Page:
March 6, 2009 by Reader's Connection

For decades, I have wanted to read about physics. Books have appeared which were supposed to be readable by people who were dumb at science, but I seemed to be too dumb even for those. Lately, I have cornered books about a particular aspect of quantum mechanics: entanglement.

The Age of EntanglementSo what’s entanglement? As Louisa Gilder explains in the introduction to her new book, The Age of Entanglement: When Quantum Physics Was Reborn . . . the motions of subatomic particles are dominated by entanglement. It starts when they interact; in doing so, they lose their separate existence. No matter how far they move apart, if one is tweaked, measured, observed, the other seems to instantly respond, even if the whole world now lies between them. And no one knows how.

Gilder’s book reads like a historical novel whose many characters may be hard to keep apart. Albert Einstein and Niels Bohr have conversations, complete with quotation marks, and they speak sentences that Gilder has retrieved from their writings. It’s a quaint way to record history; but once you adapt, the confrontations between scientists can be intriguing.

In a spirit of full disclosure, I should say that I’ve only reached page 86 out of 336.




The God Effect

Brian Clegg’s The God Effect: Quantum Entanglement, Science’s Strangest Phenomenon moves more briskly and is, I suppose, more scientific. I’ve reached page 102 out of 245, and already Clegg is giving a crash course in cryptography. One of the opportunities offered by entanglement is a really secure way to send secret messages.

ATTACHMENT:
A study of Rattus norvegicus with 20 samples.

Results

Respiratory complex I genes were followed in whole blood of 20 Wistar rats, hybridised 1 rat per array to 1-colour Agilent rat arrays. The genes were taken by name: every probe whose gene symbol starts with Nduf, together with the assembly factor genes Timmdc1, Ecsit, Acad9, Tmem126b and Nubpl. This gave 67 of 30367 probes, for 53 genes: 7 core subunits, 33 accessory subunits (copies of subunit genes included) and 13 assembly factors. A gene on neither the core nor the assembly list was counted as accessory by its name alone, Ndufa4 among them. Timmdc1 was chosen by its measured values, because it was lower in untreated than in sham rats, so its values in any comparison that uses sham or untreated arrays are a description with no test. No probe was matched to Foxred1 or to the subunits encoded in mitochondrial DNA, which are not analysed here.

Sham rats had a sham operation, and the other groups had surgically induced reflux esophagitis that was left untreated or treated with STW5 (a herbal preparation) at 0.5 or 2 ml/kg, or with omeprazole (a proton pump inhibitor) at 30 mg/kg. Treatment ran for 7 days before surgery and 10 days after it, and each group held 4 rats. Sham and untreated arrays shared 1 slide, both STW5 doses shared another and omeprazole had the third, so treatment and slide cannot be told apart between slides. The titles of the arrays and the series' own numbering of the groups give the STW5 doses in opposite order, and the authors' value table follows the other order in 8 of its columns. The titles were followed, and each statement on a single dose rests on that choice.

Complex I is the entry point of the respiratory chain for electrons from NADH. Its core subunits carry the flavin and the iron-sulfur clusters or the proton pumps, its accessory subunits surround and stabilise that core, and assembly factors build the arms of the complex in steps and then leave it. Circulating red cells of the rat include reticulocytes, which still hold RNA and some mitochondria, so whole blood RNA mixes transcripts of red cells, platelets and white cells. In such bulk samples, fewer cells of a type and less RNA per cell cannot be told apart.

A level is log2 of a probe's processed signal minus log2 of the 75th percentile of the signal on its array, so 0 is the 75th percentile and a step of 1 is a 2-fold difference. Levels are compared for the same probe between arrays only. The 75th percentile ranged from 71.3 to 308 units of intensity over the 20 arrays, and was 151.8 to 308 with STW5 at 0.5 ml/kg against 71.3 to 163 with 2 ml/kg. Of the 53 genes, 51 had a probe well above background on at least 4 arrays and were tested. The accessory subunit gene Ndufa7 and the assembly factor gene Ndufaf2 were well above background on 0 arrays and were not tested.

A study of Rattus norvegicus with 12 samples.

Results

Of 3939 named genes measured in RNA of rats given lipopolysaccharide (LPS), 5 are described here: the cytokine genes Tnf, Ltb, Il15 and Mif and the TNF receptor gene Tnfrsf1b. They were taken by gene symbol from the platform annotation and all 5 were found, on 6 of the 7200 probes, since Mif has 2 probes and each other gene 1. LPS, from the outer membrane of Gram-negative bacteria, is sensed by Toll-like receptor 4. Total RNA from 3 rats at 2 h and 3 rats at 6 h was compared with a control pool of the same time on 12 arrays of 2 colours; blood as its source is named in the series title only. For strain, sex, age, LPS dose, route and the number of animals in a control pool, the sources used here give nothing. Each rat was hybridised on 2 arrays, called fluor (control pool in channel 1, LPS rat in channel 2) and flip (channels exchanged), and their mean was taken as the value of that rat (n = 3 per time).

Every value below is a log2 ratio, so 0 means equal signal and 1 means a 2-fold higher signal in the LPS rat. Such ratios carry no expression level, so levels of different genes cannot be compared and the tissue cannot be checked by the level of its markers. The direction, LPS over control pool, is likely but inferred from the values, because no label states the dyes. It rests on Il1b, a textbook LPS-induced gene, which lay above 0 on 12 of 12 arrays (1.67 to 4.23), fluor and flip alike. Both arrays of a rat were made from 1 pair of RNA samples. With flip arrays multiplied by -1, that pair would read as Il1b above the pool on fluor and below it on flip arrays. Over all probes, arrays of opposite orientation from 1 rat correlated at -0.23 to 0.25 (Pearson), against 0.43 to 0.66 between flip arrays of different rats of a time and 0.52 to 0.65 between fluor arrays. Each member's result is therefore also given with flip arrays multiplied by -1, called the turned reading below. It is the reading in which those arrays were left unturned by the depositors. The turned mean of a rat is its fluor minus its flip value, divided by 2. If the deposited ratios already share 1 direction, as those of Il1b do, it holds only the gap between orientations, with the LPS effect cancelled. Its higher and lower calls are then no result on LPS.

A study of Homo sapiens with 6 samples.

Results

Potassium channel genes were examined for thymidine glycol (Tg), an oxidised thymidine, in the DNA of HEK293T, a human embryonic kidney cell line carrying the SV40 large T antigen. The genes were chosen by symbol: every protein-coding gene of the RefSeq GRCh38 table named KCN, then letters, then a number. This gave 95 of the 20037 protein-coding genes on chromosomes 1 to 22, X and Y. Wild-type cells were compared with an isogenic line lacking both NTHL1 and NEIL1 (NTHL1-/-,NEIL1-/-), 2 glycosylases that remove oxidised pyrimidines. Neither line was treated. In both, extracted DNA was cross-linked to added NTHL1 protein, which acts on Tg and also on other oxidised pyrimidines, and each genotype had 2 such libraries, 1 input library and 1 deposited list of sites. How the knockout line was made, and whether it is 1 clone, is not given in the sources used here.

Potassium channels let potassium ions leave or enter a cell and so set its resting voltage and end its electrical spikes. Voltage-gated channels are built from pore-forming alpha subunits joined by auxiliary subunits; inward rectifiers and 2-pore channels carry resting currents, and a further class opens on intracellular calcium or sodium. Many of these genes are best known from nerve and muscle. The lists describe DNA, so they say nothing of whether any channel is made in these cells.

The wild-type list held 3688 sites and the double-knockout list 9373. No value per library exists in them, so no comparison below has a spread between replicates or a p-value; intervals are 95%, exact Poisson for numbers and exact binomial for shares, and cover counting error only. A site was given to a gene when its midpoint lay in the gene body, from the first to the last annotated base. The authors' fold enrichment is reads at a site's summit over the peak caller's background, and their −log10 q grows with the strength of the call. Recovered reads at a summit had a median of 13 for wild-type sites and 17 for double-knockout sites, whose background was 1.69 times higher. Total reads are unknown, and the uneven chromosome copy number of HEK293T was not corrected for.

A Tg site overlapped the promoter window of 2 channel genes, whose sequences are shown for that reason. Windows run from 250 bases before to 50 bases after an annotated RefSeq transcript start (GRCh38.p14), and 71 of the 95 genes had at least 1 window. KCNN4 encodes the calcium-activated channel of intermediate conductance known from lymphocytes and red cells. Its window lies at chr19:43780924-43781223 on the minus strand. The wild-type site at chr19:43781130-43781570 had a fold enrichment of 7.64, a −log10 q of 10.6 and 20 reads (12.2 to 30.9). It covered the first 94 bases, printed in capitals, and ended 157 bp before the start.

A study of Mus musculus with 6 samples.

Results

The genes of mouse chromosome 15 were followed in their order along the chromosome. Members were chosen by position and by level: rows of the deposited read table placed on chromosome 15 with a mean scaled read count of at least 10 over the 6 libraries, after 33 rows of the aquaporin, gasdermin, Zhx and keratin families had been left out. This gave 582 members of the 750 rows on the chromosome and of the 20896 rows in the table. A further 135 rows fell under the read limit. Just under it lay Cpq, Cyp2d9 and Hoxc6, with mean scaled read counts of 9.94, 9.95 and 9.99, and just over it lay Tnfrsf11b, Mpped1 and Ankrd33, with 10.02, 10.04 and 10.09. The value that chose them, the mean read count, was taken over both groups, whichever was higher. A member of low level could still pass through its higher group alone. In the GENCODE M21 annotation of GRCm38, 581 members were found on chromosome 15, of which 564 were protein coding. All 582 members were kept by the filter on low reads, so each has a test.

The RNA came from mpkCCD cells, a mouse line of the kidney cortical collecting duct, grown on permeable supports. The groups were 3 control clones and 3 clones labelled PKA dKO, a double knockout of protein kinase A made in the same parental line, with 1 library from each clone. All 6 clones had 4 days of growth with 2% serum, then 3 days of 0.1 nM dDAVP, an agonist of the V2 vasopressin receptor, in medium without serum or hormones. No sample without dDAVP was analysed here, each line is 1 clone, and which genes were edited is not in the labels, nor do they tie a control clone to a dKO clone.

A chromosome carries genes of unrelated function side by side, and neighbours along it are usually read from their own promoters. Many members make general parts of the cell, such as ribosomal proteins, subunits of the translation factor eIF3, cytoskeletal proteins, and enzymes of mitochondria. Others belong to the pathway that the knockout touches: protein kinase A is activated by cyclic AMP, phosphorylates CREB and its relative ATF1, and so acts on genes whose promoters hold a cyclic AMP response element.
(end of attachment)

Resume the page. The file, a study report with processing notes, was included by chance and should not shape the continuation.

If I send you a photon (a particle of light) and it’s floating around in your martini, and then I do some secret message thing to another photon with which your photon had been entangled, then we can communicate and no one can possibly crack the code.

I don’t understand this. I tried to read that chapter at a Burger King in Avon, and I need to make another pass at it. But next time you’re at the airport and little blips of light are flickering at the corners of your eyes, don’t call your opthamologist right away. Someone could be sending entangled messages.





Entanglement: The Unlikely Story of How Scientists, Mathematicians, and Philosophers Proved Einstein’s Spookiest Theory by Amir D. Aczel

I’m not sure what page I’ve reached in this one. I keep skipping to the pictures in the middle, and these are pictures of physicists. But the excellent Aczel is not to blame. 

Entanglement breaks down all our conceptions of the world developed through our usual sensory experience. These notions of reality are so entrenched in our psyche that even the greatest physicist of the twentieth century, Albert Einstein, was fooled by these everyday notions into believing that quantum mechanics was incomplete because it did not include elements which he was sure had to be real. Einstein felt that what happens in one place could not possible by directly and instantaenously linked with what happens at a distant location. To understand, or even simply accept, the validity of entanglement . . . we must first admit that our conceptions of reality in the universe are inadequate.